August 28, 2019

VPC Targets Unregistered Communities of Color, Unmarried Women and Millennials in Crucial North Carolina Congressional Race 

WASHINGTON, DC – The Voter Participation Center (VPC) is mailing more than 184,000 Get-Out-the-Vote notices in late August and early September to registered voters in the 9th Congressional District of North Carolina, for the upcoming special election. More than 48 percent of eligible citizens in North Carolina did not vote in 2018, and VPC—the non-profit and non-partisan national organization—is encouraging eligible voters of NC-09 to participate in our democracy.

“Nearly 900,000 people of color, unmarried women, and millennials in North Carolina were registered to vote in 2018 but did not go to the polls, which is a stunning statistic. That’s why VPC is working so hard to help get out the vote ahead of the crucial NC-09 elections,” said Page Gardner, founder and President of the Voter Participation Center. “Our democracy should reflect the diverse people who live in our nation.”

The VPC mailings, which will be sent in three waves to 70,000 North Carolinians who voted in 2018 or have registered to vote since the 2018 election, include helpful instructions on where and when to vote. “Make your voice heard. Go to the polls and vote,” one of the mailers says. Other mailers offer voters a summary of how often they vote compared to others in the state.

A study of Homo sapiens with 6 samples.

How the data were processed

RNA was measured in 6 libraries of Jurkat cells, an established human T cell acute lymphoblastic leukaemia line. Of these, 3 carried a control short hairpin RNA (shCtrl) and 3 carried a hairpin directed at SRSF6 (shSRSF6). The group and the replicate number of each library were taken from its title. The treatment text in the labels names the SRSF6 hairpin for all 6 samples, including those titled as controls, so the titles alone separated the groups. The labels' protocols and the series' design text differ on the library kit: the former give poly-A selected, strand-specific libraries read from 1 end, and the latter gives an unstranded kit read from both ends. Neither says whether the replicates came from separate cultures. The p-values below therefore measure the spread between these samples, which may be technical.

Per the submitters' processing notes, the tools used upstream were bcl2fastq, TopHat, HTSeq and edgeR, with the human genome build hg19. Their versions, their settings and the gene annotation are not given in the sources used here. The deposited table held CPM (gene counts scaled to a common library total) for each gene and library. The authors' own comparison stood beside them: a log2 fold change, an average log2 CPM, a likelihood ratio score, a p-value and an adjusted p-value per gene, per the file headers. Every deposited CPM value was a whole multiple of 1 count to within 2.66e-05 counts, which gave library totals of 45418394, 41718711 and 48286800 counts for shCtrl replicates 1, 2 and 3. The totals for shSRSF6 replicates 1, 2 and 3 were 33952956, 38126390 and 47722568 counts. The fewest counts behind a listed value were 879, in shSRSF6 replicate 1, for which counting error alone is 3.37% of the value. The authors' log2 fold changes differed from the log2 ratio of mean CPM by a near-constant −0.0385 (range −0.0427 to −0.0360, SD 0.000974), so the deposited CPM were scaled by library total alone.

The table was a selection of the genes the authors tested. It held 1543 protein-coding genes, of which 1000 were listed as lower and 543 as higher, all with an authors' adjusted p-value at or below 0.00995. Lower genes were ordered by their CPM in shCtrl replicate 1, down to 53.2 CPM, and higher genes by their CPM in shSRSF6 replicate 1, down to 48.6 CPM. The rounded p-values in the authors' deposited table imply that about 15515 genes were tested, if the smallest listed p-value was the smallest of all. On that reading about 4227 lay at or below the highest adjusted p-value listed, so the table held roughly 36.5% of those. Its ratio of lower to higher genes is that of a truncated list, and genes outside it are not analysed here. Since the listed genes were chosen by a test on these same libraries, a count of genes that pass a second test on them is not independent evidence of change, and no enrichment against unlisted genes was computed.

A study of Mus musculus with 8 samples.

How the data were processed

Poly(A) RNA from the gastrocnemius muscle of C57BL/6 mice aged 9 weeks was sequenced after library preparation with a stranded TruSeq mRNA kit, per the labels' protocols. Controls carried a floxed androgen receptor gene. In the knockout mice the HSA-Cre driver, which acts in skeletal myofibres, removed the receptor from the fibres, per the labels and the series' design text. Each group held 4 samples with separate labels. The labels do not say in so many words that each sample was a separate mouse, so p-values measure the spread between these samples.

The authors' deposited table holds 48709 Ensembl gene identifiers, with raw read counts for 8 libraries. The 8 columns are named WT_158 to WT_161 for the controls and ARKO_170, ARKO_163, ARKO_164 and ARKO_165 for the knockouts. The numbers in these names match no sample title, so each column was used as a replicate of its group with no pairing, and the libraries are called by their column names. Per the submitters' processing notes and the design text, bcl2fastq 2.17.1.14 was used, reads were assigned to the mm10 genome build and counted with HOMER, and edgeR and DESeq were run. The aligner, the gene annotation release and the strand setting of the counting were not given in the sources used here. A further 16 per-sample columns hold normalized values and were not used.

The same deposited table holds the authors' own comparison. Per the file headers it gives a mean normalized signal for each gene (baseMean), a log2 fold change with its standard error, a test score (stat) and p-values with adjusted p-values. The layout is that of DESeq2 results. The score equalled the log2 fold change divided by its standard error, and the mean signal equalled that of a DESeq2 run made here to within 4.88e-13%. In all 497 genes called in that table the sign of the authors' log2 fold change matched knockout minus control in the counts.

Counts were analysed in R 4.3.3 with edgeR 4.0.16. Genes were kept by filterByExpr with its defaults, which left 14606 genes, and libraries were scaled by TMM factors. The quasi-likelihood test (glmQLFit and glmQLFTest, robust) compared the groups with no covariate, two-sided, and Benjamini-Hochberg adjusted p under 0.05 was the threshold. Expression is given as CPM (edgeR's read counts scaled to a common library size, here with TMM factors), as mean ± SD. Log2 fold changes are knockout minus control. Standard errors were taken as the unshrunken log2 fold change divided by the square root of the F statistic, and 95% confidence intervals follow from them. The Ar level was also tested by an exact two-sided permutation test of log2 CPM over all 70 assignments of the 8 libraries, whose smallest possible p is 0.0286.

The congressional seat for North Carolina’s 9th District has been vacant since the opening of the 116th Congress, when the North Carolina State Board of Elections refused to certify the results of the November 2018 election after learning of allegations of massive election fraud. After a congressional race replete with charges of obstruction of justice, perjury, and ballot tampering, the residents of south-central North Carolina deserve to have their voices counted and heard. The special election will be held September 10th.

Demographic Group

Percent of Total Eligible Voting Population in North Carolina

Percent of Eligible Demographic Group Unregistered to Vote

African American






Unmarried Women



Millennials + Gen Z

(18-38 year olds)



People of color, unmarried women and Millennials (including Gen Z) make up the majority of all eligible voters in America (62.1%), but they do not vote in proportion to their share of the voting-eligible population. One of the key reasons is their lagging registration rates. The VPC’s goal is to close the gap between the number of these Americans who could vote and those who do vote.

North Carolina has seen a steady rise in people of color, unmarried women and Millennials among the state’s vote eligible population. They grew by 17% from 2014 to 2018, according to a new report commissioned by VPC.